It was the mocking wisecrack heard around the ballet world. 

When Lara Spencer chuckled at Prince George's taking ballet, the "Good Morning America" co-anchor had no idea of the raw nerve she would strike. But she struck something deep and recognizable.

The response was swift and fierce. 

It wasn't just the 300 dancers who appeared in Times Square and began dancing across the concrete that revealed the depth of that response.

The video ricocheted from ballet schools to dance studios, evidence of a reality that even young boy ballet dancers recognize, have to contend with and steel themselves against, a Rochester ballet instructor says.

Daniel Blake, co-founder and dance instructor at Ballet Blake in Rochester, wasn't' exactly surprised by Spencer's comment. But then he admits to being battle-hardened by such attitudes.

Those callouses began forming almost from the moment he showed a fascination with dance. Blake started ballet in 1990 at a time of still-lingering hostility toward homosexuality that got directed toward ballet dancers. He also took a lot of flak from his three brothers growing up.

And yet, Blake was still taken aback by Spencer's off-the-cuff quip. It might not have been so bad if not for the fact that the people and audience around Spencer also laughed. Three decades later, it was clear such attitudes still persist. 

"I honestly thought, 'Really? Still?' I thought we moved past that, but there you go," Blake said. 

Still, the stigma toward male ballet dancers mystifies him. Ballet requires strength, grit and grace, all traits boys and men are taught to prize.

"So much of the world seems to be the opposite of what you would think," Blake said. "For how soft ballet looks, it's anything but."

The mystery persists in his ballet studio. Blake and his wife, Julie, teach anywhere from 75 to 100 ballet students. Only about three or four of them are boys. 

"That's the reality in most studios," said Alessandra de la Puente, whose 7-year-old son, Adriano Leggett, takes ballet lessons at Blake. "You start around this age. And then they leave when they get to middle school. That's when the bullying starts really hard."

Josiah Church, 10, is aware of such attitudes, but it doesn't bother him. Church, whose face takes on a formidable concentration when he practices his plie´ and tendu, can recall the moment when he became enchanted with ballet.  

A French exchange student was living with them, and Blake was giving her ballet lessons. As Church watched the girl leap, fly and jump across the dance floor, he couldn't contain himself. He had to join on the sidelines.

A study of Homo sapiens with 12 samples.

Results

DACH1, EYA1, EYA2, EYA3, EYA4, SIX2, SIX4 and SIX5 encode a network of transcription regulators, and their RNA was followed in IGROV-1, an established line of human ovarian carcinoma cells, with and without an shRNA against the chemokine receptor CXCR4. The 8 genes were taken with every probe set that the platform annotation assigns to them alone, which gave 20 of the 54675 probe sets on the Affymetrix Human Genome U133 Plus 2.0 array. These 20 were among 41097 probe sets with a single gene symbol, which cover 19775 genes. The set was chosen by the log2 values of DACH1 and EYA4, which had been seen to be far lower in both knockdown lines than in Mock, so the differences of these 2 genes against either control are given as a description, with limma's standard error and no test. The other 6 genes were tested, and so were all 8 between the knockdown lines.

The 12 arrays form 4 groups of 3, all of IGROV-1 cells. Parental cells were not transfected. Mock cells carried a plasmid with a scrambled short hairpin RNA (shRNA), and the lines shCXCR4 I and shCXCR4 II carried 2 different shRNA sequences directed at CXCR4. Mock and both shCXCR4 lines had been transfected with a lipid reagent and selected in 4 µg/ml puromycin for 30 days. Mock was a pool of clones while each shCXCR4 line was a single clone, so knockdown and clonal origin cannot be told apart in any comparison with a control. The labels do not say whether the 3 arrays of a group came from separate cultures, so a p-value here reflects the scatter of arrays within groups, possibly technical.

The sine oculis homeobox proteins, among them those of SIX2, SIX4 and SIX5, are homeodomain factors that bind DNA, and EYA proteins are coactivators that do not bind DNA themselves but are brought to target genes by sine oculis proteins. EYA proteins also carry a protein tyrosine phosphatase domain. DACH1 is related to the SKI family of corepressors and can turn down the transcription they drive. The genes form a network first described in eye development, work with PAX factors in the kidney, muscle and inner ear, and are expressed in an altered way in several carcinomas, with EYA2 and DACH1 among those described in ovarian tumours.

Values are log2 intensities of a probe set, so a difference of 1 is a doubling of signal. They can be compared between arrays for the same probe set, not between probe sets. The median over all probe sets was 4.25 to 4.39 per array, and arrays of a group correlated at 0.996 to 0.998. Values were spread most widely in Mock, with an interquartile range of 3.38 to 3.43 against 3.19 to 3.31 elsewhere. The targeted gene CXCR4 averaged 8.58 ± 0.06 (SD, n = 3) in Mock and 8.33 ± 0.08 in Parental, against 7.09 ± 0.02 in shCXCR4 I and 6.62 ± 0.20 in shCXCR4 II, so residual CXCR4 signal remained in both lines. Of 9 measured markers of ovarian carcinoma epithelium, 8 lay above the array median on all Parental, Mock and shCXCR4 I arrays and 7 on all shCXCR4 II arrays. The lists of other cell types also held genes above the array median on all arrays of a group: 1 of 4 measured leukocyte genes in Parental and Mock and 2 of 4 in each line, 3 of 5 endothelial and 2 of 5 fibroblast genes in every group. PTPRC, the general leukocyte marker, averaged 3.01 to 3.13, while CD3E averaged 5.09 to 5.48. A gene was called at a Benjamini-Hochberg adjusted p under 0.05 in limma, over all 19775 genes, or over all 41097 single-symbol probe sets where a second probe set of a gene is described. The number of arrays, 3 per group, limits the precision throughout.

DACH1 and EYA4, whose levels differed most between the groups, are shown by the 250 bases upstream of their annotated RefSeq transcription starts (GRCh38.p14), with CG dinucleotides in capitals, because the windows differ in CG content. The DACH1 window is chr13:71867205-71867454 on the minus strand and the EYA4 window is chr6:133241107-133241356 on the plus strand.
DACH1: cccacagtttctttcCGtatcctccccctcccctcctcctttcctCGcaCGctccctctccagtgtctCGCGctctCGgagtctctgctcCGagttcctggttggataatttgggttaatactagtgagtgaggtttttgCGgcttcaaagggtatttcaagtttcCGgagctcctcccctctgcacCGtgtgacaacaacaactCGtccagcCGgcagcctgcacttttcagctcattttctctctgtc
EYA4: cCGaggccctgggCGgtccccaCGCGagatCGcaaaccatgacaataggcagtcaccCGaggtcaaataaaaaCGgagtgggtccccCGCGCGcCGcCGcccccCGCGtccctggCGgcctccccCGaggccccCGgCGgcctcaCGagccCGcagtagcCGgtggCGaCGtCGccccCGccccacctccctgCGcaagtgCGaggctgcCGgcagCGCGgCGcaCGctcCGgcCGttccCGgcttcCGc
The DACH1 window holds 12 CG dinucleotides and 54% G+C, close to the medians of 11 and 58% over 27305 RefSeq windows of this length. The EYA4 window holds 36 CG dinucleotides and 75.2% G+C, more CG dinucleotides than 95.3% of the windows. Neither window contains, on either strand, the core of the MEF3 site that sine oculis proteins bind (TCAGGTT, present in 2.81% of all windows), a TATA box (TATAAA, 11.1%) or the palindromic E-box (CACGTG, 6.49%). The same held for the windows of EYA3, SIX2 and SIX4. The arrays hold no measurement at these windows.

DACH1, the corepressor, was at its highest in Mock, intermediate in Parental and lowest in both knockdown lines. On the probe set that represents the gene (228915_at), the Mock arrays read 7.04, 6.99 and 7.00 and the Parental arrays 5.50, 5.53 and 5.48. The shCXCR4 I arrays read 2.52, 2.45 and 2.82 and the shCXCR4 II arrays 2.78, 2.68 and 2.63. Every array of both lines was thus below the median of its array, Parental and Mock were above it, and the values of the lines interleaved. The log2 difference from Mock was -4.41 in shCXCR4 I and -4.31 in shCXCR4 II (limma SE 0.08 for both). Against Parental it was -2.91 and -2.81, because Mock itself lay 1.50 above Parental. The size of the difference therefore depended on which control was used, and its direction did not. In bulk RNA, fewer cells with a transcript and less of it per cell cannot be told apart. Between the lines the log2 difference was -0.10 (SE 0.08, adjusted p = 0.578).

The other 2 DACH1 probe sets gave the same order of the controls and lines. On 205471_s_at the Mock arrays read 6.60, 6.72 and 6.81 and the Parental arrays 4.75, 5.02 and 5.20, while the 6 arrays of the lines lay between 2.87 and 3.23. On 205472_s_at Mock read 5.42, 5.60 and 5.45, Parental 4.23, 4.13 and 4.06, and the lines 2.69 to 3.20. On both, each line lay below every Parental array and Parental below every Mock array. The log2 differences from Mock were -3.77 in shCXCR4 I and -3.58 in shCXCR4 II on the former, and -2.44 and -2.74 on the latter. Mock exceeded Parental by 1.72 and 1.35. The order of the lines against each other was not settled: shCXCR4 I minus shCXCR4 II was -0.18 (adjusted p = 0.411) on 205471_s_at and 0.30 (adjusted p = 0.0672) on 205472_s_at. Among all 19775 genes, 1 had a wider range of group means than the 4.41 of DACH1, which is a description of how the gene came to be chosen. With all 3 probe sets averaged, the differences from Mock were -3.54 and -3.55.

"I was copying her moves," Church said. 

Yet Church has lived long enough to understand why more boys don't take ballet, that in some boys' minds, ballet is somehow seen as feminine or less-than-manly. 

"Some people would be embarrassed if they told people," Church said. "People think it's a girls' sport, but there's no such thing as girls' sports and boys' sports."

Adriano, 7, became hooked on ballet after watching "The Nutcracker." He has an older sister who has been dancing since she was three. One day, Adriano went to a performance to watch his sister perform and became riveted on the male lead dancer.

"He was mesmerized by the main character, because he kept leaping and jumping and he would grab the girl. He's so strong," his mom, de la Puente, said. "After that, he thinks that's what ballet will do to you: Make you strong."

Yet, de la Puente wonders whether society's attitude against boys in ballet has already begun to insinuate itself into her son's thinking.

One day, after coming home from ballet class, Adriano saw some friends playing flag-football, a sport he loves. But before joining them, he ran inside and changed out of his "Ballet Blake" T-shirt, she said.

"I was wondering why, but I never asked," she said.

Yet, Adriano will also boast to his friends about his role in the Nutcracker at the private school he attends. His friends have come to his shows and burst out with enthusiastic cheers when he comes on stage.

De la Puente said she wants her son, Adriano, to have the social space to decide for himself what he wants to do in life. That's why the Spencer remark angered her: It revealed a destructive stigma that threatens to deprive boys of an activity that they should enjoy.

"For me, a mom, I don't know if Adriano will end up a ballet dancer, but if he really finds a passion in it, he should be left alone to do it," de la Puente said. "Otherwise, he's going to end up being frustrated and trying to hide part of his expression."